An extensive survey last year by the pollster YouGov found that “21 percent of U.S. citizens believe that human beings evolved from less advanced life forms over millions of years, and God did not directly guide this process.” That’s 1 in 5, a minority more marginal – to choose a random example – than the 33 percent who voted for Hitler in the last free election in Germany before the Nazi takeover in 1933. By contrast, 2 out of 5 Americans said they believe that “God created human beings in their present form within the last ten thousand years.”
I am quite sure similar statistics would describe the attitude to the so-called “theory of evolution” among the population of Great Britain – or, for that matter, of any country where some semblance of democracy is yet unsuppressed and polls revealing such attitudes can be made public – yet last month the British government made this scholiastic doctrine compulsory in all state schools, making it impossible for teachers to corrupt young minds with such freethinking alternatives as the Biblical account of Creation. Needless to say, this has been done “in the interests of having a broad and balanced curriculum," to quote UPI, rather than one that’s narrowly atheist.
When a Richard Dawkins admonishes the people of Britain that teaching children about Santa Claus amounts to child abuse – it being “pernicious to instil in a child the view that the world is shaped by supernaturalism” – that is his own private delusion, or at least his own business. But what right has an elected government to impose a worldview accepted among a small and highly politicized minority on future generations of citizens?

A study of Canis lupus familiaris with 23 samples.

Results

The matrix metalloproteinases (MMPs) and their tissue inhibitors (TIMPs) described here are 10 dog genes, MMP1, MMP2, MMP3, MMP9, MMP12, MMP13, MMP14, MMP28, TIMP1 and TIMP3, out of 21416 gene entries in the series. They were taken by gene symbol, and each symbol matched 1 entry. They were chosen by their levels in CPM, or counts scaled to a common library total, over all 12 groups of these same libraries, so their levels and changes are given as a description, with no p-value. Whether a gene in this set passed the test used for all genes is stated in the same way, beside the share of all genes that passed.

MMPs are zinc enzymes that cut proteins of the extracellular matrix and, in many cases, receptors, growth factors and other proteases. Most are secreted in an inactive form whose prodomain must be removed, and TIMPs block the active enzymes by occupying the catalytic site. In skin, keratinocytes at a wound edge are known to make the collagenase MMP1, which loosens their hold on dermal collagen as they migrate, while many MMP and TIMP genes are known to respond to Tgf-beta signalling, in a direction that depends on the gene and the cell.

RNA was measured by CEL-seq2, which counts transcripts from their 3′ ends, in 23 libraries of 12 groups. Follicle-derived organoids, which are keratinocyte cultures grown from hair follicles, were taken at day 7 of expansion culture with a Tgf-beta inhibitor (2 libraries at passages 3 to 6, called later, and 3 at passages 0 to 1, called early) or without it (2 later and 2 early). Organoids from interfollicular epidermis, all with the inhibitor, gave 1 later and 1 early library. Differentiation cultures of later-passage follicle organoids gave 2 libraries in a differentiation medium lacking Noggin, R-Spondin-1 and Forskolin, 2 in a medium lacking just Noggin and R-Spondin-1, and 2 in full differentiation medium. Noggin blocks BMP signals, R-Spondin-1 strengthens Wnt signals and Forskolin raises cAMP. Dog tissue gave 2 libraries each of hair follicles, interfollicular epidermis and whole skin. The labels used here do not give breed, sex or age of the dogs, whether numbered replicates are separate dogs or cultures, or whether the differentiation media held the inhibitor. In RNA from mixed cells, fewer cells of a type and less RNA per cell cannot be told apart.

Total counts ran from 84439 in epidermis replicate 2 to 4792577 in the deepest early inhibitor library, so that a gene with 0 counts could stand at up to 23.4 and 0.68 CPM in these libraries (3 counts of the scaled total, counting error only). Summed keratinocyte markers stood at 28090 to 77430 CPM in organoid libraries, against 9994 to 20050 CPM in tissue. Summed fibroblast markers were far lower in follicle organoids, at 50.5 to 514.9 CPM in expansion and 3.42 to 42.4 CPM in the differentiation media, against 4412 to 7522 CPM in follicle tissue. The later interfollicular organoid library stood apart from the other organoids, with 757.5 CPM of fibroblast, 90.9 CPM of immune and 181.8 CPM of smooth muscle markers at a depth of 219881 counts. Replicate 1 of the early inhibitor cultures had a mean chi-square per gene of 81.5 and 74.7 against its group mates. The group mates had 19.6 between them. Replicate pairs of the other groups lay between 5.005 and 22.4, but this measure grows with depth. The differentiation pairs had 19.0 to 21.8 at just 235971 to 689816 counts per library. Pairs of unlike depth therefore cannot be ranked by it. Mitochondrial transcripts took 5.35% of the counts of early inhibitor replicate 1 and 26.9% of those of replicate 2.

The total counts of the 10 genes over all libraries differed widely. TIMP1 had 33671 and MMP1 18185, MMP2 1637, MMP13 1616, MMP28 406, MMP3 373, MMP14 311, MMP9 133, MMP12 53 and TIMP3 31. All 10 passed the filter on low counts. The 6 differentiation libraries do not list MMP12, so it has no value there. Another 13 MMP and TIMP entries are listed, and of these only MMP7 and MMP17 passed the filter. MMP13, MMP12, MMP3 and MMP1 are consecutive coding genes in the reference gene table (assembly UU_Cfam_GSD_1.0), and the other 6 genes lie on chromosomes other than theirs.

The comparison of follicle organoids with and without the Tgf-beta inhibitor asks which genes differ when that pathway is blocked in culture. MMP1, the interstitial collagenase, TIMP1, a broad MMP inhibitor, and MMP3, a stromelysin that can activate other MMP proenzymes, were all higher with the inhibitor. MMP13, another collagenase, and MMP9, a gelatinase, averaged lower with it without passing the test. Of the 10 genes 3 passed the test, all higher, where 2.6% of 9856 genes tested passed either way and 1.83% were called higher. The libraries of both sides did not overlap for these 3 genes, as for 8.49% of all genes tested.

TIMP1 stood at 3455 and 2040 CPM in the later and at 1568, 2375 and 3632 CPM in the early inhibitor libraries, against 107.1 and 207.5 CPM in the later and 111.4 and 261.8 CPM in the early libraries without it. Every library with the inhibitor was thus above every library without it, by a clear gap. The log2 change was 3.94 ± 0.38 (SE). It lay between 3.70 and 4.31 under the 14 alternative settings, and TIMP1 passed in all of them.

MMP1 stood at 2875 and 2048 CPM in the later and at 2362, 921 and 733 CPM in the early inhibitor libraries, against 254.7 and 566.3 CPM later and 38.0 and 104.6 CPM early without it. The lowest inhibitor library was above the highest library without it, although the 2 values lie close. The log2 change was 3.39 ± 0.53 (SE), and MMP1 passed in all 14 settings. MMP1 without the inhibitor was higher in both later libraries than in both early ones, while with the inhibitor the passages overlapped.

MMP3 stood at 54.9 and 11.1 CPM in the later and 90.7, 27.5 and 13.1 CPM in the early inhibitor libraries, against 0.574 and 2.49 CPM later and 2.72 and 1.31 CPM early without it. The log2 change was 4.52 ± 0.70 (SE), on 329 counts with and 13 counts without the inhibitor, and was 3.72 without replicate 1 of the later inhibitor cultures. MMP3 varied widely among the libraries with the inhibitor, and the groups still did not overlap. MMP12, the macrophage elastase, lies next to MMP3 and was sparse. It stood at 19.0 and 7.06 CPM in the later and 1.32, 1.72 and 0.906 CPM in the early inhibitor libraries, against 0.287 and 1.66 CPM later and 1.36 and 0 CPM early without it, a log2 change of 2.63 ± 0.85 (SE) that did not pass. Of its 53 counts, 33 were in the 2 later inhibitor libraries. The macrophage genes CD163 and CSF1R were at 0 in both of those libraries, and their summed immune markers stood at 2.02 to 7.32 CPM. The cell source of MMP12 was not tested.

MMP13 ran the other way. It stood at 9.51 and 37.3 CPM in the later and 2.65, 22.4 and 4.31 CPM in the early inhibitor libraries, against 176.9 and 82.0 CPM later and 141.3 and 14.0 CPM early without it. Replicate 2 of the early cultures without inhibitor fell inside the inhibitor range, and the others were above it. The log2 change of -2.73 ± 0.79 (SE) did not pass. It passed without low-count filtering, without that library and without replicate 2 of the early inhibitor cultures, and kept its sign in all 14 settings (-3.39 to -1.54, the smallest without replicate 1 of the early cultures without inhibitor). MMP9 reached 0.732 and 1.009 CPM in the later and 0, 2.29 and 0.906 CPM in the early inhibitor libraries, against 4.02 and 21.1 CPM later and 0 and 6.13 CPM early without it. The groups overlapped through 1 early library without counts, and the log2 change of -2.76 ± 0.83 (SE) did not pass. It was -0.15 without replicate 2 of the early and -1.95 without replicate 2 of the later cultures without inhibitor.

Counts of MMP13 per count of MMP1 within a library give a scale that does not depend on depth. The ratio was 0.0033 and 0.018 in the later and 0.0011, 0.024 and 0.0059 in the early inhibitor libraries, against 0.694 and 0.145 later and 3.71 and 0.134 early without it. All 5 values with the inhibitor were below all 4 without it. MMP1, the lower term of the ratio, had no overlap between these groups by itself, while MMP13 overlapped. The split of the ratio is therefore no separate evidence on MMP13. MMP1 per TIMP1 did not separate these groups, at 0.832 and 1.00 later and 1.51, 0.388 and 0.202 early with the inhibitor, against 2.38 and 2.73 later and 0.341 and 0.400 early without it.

If state suppression of a majority opinion were the only issue, this would be cause enough for grief. But what if instead of a supernaturalism supported by an overwhelming majority, the ban had covered a scholiasm supported by a tiny minority? In other words, if it covered something which I and the reader would probably deplore, disapprove, or at least doubt?
Like most people today, I never doubt that the earth is round, for instance, or that extermination of large numbers of Jews took place in Nazi Germany. Moreover, I am quite willing to be corrected, to the effect that the earth is actually “elliptical,” or that the extermination of Jews constituted a “Holocaust.” But neither have I ever doubted that imposing such correctives on a free people under penalty of law is a crime against freedom not inferior to any committed by totalitarian regimes in the name of historical necessity, racial purity, peace on earth, brotherhood of man, or whatever other platitudes their chieftains had dredged up in the encyclopaedic dictionary.
Yet nine European countries have already criminalized the view of a small minority which goes by the name of “Holocaust denial”: Austria, Germany, France, Romania, Poland, Slovakia, Belgium, the Czech Republic and Lithuania. As Timothy Garton Ash once wrote, “Let the British parliament now make it a crime to deny that it was Russians who murdered Polish officers at Katyn in 1940. Let the Turkish parliament make it a crime to deny that France used torture against insurgents in Algeria. Let the German parliament pass a bill making it a crime to deny the existence of the Soviet gulag. Let the Irish parliament criminalize denial of the horrors of the Spanish Inquisition.”
Britain and Denmark are still unbowed, but Latvia, as though following that sardonic advice to governments, has recently criminalized “denial” of both the Nazi and the Soviet genocide. And so I ask my fellow defenders of the Bible lesson in school: “Does this not make Latvia’s crime against freedom – even if it be the freedom of delusion – only more monstrous?”
Andrei Navrozov, born in Moscow, lives in Palermo and is European editor for Chronicles. The former publisher of the Yale Lit, he is a widely published author and translator. His Italian Carousel: Scenes of Internal Exile was published by Peter Owen Publishers.